The bizarre Australian road rules that drivers are most likely breaking

·News Reporter

When it comes to quirky road rules, Australia most certainly has the category covered.

From travelling with potatoes, splashing pedestrians with mud and going heavy on the horn, Aussies are subject to a host of bizarre rules that some may never have even known about.

Breaking them isn’t cheap either, with drivers facing thousands of dollars in fines if they get caught.

No unnecessary horn honking

There are just two ways a car’s horn can be legally used, and neither is to prompt a driver to move forward at traffic lights or express frustration at a motorist’s unruly driving.

Drivers can only use their horn to warn other road users of the approach or position of their vehicle, or as part of an anti-theft device or an alcohol interlock device fitted to the vehicle, The National Transport Commission states.

Going to heavy on your horn while driving could end with a hefty fine. A stock image of a man honking horn.
Horns should not be used by cranky drivers in road rage feuds. Source: File/Getty Images

Illegal use of a horn in NSW carries a maximum fine of $337, while Queensland drivers can be slapped with 20 penalty units, which is an equivalent of a $2611 fine.

Victorians can face a $161.19 fine, Tasmanians using their horn inappropriately could be stung $122.25 and the maximum fine in South Australia is $298.

Honking illegally in Western Australia carries a fine of $50 and in the ACT the maximum fine is 20 penalty units, which is equal to $3000.

Do not transport more than 50kg of potatoes

In Western Australia, drivers caught carrying more than 50kg of potatoes in their vehicle could face hefty fines if they can not prove they are a member of the Potato Corporation.

The offence carries a penalty of $2000 in the first instance, which becomes $5000 if a driver is caught breaking the law for a second time.

The unusual rule was introduced during the Great Depression and post-war era as part of the government’s crackdown on food regulation.

“A person, other than the corporation or an agent authorised to act on behalf of the corporation, shall not purchase or take delivery of ware potatoes,” the act states.

Australian drivers can be penalised for leaving their car window open too much. Pictured is a parked car with the window partially down as a dog peers out.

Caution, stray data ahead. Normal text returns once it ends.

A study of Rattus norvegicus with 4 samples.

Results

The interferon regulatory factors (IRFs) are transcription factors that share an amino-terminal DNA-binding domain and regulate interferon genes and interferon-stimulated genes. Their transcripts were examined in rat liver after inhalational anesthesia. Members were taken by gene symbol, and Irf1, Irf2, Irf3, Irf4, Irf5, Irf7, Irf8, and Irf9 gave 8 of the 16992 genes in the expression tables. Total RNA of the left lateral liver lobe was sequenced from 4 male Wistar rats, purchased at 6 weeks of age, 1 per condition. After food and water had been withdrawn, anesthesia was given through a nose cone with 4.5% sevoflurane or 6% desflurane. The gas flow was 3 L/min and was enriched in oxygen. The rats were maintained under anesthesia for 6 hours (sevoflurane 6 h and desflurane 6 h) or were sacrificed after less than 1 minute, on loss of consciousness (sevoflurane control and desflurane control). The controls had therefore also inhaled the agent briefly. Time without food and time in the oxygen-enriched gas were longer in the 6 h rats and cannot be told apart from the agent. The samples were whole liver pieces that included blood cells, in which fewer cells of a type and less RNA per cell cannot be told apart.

Drivers can be slapped with heavy penalties for leaving their window open too much when they park their car. Source: Getty Images, file

Window gaps must be five centimetres

Not only is it an offence to be further than three metres from your car and leave it unlocked, drivers can also cop a fine if they crack their windows open with a gap bigger than five centimetres.

This law is applicable in both Queensland and Victoria, and can cost drivers $40 and $117 respectively if they’re caught out.

The ignition key must also be removed if there is no one aged 16 or older in the vehicle, and the parking brake should always be applied.

In NSW, drivers who leave a bigger window gap than 2cm can be fined $108.

While there’s no specific penalties or rules for other states and territories, authorities warn drivers to avoid leaving their windows down to dissuade thieves from gaining access to their vehicles.

Don’t splash bus passengers with mud

Within NSW it is an offence to splash mud on any person in or on a bus, people getting on or off, and anyone waiting at a bus stop.

“A driver must take due care, by slowing down or stopping the driver’s vehicle if necessary,” the law states.

The maximum penalty for getting bus passengers muddy is 20 penalty units, which is equivalent to $2200.

A man being splashed with mud by a passing car – an offence if you're in NSW and also splashing someone at a bus stop.
Drivers can cop a hefty fine for splashing bus passengers with mud by driving through puddles. Source: Getty Images, file

Keep your limbs inside the car

Drivers and passengers who enjoy the cool sensation of the wind in their hair or feeling the breeze between the gaps of their fingers during a car journey could be penalised for their behaviour in NSW.

The law states everyone in or on a motor vehicle must keep their body parts inside the vehicle at all times – that includes waving and resting an elbow on the window ledge.

“The driver of a motor vehicle (except a bus) must not drive with a passenger if any part of the passenger’s body is outside a window or door of the vehicle,” NSW Road Rule 268 says.

A hand gesture to signal a change of direction to the right, or to acknowledge a sudden slow down or stop, is the only time a body part is legally allowed outside a vehicle while travelling in NSW.

Anyone caught misbehaving could be faced with a maximum fine of $2200, or the equivalent of 20 penalty points.